How Stress Can Impact Your Health + 8 Stress-Busting Tips

Is Stress Deterring You From Health?

From what I say on a day-today basis, stress is the number one health killer. About 2 years ago I was suffering from very high stress and anxiety. My stress hormone ( cortisol) was sky high on my medical tests. This caused me an array of health issues. It is so important we live our lives with minimal stress for optimal health.

Stress is now a common fixture in our hectic, busy lives. Small amounts of stress that are easily resolved can be beneficial in motivating and helping us achieve our goals. Although chronic or long-term stress affects each of us differently, it ultimately affects the whole body in a negative way and may contribute to many health complaints.

Is your health being affected by stress? Do you often feel anxious, worried, depressed, irritable, exhausted, overloaded or forgetful? Do you suffer from stiff or sore muscles or joints, tension headaches, high blood pressure, frequent colds or the flu? Or do you have irritable bowel syndrome, ulcers, an increase or loss of appetite, or worsening of an existing illness or condition? If you answered “yes” to one or more of these questions, your body may be overburdened by stress.

Thousands of years ago, we may have been faced with the threat of a sabre tooth tiger and our immediate response to this was one of two reactions: to attack or run away. This is now known as the fight or flight response. Once this stress response is triggered, chemical messengers called adrenaline, cortisol and noradrenaline are produced by the adrenal glands and brain. These messengers increase blood flow to the essential organs such as the heart, lungs, brain and muscles to help us fight or run away. Digestive function slows down as this is less important in survival mode. Cortisol also increases the amount of sugar released into the blood to provide energy for our muscles to attack or run. In the past, stress was short- lived and once the stress was over, these chemical messengers shortly returned to normal.

Where’s the Off Switch?

Over time our bodies have not changed this biological response to stress. Although the sabre tooth tigers are long gone, the physical threat to our lives and limbs has been replaced with the modern day stress of long work hours, financial worries, traffic jams and family issues. So what happens if this stress response does not turn off because of our non-stop busy lifestyles?

Ongoing stress that does not resolve may result in chronic stress, which can be the underlying cause of many health conditions. Chronic stress can impact body systems such as the cardiovascular system by contributing to high blood pressure. It can also take its toll on your nervous system leading to exhaustion, headaches and insomnia. Your digestive and immune systems can also be weakened by stress, making you more susceptible to irritable bowel syndrome, frequent colds and the flu.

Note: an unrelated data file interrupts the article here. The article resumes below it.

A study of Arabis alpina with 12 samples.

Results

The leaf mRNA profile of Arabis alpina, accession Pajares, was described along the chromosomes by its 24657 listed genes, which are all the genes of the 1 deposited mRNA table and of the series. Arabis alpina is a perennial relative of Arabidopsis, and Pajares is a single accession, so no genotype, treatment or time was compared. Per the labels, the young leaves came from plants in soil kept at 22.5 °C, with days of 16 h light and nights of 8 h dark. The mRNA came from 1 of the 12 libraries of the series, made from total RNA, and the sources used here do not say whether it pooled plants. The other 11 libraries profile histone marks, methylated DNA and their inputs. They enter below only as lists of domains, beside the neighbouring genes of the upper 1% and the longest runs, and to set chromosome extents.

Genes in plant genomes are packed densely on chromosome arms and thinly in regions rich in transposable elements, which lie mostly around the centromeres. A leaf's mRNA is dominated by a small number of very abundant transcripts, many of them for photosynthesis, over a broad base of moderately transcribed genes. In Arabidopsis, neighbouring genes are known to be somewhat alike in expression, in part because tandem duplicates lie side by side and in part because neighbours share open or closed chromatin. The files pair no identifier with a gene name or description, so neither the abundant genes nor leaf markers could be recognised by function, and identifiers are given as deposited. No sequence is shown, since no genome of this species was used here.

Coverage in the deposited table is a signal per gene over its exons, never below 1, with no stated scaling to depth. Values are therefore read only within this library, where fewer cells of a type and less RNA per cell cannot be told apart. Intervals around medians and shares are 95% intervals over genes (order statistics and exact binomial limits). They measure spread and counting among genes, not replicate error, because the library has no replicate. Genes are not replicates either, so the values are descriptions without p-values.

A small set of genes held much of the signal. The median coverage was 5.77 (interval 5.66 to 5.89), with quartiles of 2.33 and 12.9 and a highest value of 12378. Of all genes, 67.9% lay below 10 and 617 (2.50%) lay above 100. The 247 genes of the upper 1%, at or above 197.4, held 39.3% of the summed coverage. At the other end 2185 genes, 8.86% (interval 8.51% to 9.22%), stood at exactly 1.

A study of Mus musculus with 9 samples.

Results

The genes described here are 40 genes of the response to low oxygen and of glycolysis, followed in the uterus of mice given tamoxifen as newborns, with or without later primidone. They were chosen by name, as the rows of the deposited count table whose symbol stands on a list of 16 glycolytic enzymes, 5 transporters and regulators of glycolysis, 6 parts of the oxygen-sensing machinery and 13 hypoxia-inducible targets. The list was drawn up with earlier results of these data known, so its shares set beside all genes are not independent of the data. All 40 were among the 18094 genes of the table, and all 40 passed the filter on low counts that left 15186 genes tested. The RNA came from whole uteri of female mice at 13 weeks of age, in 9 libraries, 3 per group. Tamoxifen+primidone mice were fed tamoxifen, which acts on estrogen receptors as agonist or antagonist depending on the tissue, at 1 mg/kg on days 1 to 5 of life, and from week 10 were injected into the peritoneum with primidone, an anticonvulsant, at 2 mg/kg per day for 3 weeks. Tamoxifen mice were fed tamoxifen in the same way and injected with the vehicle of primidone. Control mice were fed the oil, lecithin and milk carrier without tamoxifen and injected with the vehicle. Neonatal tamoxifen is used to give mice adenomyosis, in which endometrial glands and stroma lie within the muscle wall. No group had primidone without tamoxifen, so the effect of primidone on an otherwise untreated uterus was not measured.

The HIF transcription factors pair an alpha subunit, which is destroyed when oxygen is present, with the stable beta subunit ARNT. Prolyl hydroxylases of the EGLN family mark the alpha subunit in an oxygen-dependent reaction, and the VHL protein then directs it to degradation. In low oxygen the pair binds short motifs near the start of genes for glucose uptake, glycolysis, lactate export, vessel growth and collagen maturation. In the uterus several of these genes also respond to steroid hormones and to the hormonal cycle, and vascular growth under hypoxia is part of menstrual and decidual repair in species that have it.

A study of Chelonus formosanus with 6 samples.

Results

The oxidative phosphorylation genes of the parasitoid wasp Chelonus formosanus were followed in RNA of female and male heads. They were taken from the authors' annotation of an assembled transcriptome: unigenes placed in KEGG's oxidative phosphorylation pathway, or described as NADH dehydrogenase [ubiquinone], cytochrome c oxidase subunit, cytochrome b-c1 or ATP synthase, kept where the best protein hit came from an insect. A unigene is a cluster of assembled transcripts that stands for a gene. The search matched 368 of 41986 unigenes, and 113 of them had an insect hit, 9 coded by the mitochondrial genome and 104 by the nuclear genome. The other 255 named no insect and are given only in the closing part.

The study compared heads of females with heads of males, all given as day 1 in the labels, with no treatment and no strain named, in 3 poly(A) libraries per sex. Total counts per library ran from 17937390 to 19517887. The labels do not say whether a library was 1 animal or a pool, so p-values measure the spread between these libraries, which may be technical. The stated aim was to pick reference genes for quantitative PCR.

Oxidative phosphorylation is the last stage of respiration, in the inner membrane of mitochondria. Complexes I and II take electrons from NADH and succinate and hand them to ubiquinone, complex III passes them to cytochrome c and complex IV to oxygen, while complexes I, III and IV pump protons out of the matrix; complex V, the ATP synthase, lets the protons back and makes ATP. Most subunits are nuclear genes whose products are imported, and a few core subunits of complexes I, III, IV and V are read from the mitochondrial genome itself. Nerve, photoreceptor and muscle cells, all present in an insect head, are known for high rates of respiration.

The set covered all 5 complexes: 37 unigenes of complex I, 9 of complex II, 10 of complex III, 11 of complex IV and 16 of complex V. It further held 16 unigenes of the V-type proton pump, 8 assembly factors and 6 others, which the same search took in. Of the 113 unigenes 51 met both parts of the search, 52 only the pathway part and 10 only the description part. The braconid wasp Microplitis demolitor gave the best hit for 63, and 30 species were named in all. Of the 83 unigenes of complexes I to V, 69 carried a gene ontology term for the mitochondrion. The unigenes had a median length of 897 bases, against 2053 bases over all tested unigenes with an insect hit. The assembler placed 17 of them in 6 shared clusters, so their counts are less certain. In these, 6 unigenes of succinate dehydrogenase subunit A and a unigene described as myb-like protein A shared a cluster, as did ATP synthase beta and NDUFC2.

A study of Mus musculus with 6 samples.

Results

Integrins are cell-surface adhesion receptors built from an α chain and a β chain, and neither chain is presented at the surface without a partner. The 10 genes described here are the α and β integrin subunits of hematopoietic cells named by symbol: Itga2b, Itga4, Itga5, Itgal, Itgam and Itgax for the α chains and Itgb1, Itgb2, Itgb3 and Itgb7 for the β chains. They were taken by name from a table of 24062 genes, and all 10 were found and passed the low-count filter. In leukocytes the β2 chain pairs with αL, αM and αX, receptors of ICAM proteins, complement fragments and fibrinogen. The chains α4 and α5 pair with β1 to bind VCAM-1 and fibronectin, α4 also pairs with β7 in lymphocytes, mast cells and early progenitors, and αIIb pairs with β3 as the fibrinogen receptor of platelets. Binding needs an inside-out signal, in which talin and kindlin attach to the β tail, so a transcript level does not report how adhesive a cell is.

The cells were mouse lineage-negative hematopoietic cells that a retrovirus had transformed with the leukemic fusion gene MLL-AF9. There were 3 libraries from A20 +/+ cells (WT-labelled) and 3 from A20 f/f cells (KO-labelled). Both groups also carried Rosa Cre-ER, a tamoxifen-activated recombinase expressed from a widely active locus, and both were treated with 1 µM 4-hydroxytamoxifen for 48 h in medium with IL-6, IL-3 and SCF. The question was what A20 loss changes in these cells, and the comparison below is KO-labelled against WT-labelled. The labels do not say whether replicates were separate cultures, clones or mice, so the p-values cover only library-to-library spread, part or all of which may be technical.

Stress causes the body hormonal imbalances that will also lead to weight gain through high cortisol and blood sugar imbalance.

Top Stress Busting Tips:

  1. Sleep more- allow 8 hours for your cells to repair for healthy hormones and overall health. If you are rested, you will adapt better high stress situations.
  2. Rest and relax with restorative exercises. When stressed I advise people to enjoy exercise that allows the body to heal such as yoga, tai chi, meditation, brisk walking or lie with your legs up on the wall for  a few minutes after a long day- these exercises are so beneficial for the body and hormones in times of stress- perhaps more beneficial than a cycle class.
  3. Still enjoy a good workout if you are feeling up to it- exercise will release endorphins which will help you to feel good.
  4. Think positive- healthy mind = healthy body. What you put out, you get back. wake up ad think of 5 things you are grateful for- I do this every morning.
  5. Eat Nutritious foods- for a healthy mind and body, eat a diet abundant in fresh, brightly coloured fruits and vegetables. Consume protein with meals and snacks, and enjoy foods high in essential fatty acids such as oily fish, nuts and seeds. Enjoy a few cups of chamomile tea a day. Minimise your intake of caffeine, energy drinks, sugar, alcohol and processed foods as these will contribute to fatigue in the long-term.
  6. Enjoy a well-deserved massage or some other blissful treatment – perhaps soak in a bath with relaxing aromatherapy oils such as lavender, ylang ylang, chamomile or geranium. Simply enjoy a herbal tea and a book in piece and quite for a few minutes a day.
  7. Say NO to social arrangements when you feel overwhelmed- rather use the time for yourself to rest. Do something for you! Your friends will be there for you!
  8. Supplements to consider when stressed ( with the guidance from a doctor/nutritionist). Magnesium, glutamine and B vitamins are used in abundance during times of stress, when the body’s requirement for these key nutrients is increased. Magnesium assists in muscle relaxation and calms the nervous system.

Although the stress of modern life is inescapable, it is important to remember that we can easily manage our response to stress with the help of dietary and lifestyle changes and some key natural medicines. Supporting a healthy stress response will allow you to feel more energised, resilient and ready to tackle life, so you can maintain the state of health and wellness that you deserve.